Sarah DeBord was diagnosed with metastatic colon cancer at age 34. In the years since, she has turned her diagnosis into a calling, and become an advocate for other young adults diagnosed with colorectal cancer and parents with young families facing cancer. She works as a communications and program manager for the Minneapolis-based Colon Cancer Coalition , volunteers her time with the online patient-led support community COLONTOWN , and blogs about her often adventurous experiences of living with chronic cancer at ColonCancerChick.com.
I have two perspectives as I look at clinical trials: as the patient needing one and as an advocate encouraging patients to enroll in them. But how can I encourage someone to do something that I personally find so frustrating?
I got a taste of the clinical trial process last year when I thought it was finally time for me to start the search. I was ready and equipped with the basics, having spent a few years as an outside observer in the COLONTOWN clinical trials group for my tumor type; microsatellite stable (MSS). I knew I didn't want to wait until I was out of options or use a clinical trial as a "hail Mary" in hopes of some miracle response to an experimental drug. For me, clinical trials are my only hope for reducing my tumor burden, achieving complete stability or (miracles abounding) be put into remission. If I want to find a way out of my personal doomed Death Star, it's going to mean taking chances. Sorry Princess Leia, but a clinical trial is my only hope.
In my first attempt at finding a clinical trial last summer, I assumed my own oncologist would do all the dirty work. Though he may have initiated conversations with associates he knew running available trials in my city, I would quickly discover that's as far as it got. I'm going to give him the benefit of the doubt and blame his assumption that I (the overly engaged patient who has dictated my own care plan) would be handling the clinical trial search. Each assuming the other was taking next steps lost me weeks in the process, and ultimately lost me an available spot in a promising clinical trial by mere days.
Lesson learned. Next time I would be the one to instigate phone call and take the necessary steps to get the ball rolling.
I'm now on my second attempt at clinical trials, and I find it no less daunting despite staying abreast of the landscape for the last year. Regardless of my proactive approach, I find myself no better at this than I was last year — hitting dead end after dead end. And even if a trial looks promising, I've learned that clinical trial and cancer center websites are rarely up to date, and the only way to get real time status of a trial is to talk to the cancer center directly. I also learned the hard way that nothing is certain until you sign on the dotted line.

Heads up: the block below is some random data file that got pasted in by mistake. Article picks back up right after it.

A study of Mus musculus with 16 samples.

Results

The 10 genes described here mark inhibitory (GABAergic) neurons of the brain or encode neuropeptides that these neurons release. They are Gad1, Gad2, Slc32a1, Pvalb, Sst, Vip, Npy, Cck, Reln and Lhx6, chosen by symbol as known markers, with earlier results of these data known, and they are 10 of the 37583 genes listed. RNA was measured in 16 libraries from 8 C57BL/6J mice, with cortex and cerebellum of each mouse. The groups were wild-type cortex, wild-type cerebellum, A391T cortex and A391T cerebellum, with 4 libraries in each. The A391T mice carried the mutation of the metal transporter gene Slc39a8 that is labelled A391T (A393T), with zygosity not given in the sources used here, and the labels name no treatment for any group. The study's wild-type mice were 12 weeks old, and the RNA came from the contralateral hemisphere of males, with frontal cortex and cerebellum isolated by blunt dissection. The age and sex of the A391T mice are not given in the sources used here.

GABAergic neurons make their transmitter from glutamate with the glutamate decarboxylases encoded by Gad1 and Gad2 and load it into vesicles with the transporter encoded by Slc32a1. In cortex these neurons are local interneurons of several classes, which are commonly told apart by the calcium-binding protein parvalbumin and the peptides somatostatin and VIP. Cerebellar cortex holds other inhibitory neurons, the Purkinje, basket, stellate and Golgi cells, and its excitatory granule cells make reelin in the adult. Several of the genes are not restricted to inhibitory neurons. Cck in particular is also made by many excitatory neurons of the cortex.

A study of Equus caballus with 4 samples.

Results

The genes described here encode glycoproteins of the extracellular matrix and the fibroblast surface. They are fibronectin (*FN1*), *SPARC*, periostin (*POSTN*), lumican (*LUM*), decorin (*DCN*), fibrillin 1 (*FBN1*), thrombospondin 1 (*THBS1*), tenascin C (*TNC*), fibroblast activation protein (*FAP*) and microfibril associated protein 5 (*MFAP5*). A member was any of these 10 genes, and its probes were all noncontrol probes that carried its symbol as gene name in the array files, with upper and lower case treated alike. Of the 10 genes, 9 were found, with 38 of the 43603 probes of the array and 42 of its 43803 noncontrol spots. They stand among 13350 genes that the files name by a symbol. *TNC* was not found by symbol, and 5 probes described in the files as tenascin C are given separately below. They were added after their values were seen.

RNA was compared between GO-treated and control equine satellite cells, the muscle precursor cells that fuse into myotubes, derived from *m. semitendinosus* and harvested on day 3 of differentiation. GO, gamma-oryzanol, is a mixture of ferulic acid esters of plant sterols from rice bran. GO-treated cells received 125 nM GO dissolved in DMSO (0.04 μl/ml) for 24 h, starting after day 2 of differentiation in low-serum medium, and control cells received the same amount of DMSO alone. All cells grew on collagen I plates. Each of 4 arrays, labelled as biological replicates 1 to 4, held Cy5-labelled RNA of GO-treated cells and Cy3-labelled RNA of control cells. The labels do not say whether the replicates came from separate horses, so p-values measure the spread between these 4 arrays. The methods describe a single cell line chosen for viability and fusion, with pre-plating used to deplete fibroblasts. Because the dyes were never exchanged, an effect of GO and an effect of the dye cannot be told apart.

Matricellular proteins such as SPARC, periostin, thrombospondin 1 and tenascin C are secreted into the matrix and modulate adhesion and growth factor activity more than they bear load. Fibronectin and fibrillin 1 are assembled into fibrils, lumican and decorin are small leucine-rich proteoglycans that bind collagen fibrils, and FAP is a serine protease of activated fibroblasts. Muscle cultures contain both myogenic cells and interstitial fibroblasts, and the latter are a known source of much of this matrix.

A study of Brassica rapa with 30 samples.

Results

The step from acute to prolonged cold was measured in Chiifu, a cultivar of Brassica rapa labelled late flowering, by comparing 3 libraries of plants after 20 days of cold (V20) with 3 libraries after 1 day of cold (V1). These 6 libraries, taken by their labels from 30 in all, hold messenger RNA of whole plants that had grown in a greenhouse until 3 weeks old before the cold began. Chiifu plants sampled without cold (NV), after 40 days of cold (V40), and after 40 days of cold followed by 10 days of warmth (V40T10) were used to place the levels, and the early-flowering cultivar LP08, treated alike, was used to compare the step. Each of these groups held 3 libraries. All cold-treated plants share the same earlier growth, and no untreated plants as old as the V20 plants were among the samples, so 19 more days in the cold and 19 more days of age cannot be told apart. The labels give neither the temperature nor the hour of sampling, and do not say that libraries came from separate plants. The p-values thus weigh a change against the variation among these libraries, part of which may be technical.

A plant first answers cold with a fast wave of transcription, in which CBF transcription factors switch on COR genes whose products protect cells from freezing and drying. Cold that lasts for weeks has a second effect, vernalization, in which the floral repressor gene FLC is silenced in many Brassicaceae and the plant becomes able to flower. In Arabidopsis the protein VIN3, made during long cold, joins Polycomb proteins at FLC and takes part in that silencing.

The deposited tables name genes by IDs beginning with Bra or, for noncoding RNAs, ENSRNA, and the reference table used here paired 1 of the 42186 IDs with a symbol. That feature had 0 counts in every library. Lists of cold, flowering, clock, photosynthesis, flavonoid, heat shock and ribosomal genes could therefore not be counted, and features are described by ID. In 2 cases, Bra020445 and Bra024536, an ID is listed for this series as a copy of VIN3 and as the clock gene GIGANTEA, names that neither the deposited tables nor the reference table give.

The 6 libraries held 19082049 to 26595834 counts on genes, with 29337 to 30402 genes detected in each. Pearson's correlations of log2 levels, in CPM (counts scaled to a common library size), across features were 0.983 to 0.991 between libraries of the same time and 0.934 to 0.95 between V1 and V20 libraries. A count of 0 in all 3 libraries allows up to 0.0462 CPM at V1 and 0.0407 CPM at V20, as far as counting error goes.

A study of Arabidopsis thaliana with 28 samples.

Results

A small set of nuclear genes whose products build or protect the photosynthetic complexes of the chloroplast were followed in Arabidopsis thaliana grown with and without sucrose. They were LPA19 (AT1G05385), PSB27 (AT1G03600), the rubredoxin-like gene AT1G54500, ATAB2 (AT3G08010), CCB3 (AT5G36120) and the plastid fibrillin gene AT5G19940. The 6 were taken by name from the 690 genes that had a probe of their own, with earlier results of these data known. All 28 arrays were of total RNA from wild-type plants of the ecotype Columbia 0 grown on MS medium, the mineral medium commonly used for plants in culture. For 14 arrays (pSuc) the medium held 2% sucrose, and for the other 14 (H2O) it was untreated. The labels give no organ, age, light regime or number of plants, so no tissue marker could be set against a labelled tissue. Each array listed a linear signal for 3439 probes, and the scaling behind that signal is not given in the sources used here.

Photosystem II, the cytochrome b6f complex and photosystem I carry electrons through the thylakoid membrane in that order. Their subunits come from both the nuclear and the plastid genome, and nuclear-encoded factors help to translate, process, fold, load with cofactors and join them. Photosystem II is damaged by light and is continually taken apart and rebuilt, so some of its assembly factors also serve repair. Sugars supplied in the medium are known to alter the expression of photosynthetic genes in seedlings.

A few days ago I got a call from my clinical trial nurse letting me know that the spot in a trial I was guaranteed by the sponsor had been given to someone else. The principal investigator at my cancer center was shocked, and based on the nurse’s choice words, I'm sure someone was on the receiving end of a heated phone call.
Though still moving forward with my clinical trial search, that call meant that in the eight weeks since my last infusion, and well through the chemo "washout" period required by many trials, I am back at square one. My anxiety is through the roof as I look back at eight weeks of doing nothing to actively prevent the cancer from growing in my body and look forward to additional weeks of inaction as I try to find another trial. The search is exhausting, defeating, and I am emotionally drained.
I can't help but think how daunting and frustrating this would be for a patient or caregiver not engaged with research studies, terminology and an understanding of their own genetics and tumor germline. If they were to rely solely on their oncologist to navigate trials, would they get all the help they needed or know of all the options available? As I stumble through this myself, I wonder how someone without my knowledge and support community could navigate this on their own, especially when looking outside their own cancer treatment center.
As a patient advocate, I continually see the other side of the discussion. How do we get more patients to enroll in clinical trials? Currently less than 5% of patients will participate in a trial, and there are a number of barriers that keep that number low: eligibility criteria, geographic distance to a trial, financial means to travel, medical mistrust, availability of trials, etc. In these meetings I want to be the one in the back of the room who stands up and wildly waves my hands and scream, "You want to know why patients don't participate in trials? Because you make it too damn hard!"
Here I am, a young, thriving, engaged patient with cancer once again burnt out on the clinical trial process. With three comprehensive cancer centers within easy driving distance you'd think it wouldn't be so hard and that I'd have options. But alas, eight weeks later I'm no further along in the process than I was when I first started. The system needs to change if we are ever going to make faster progress with this cancer mess, but too many will die waiting for it to happen. I just hope I'm not one of them.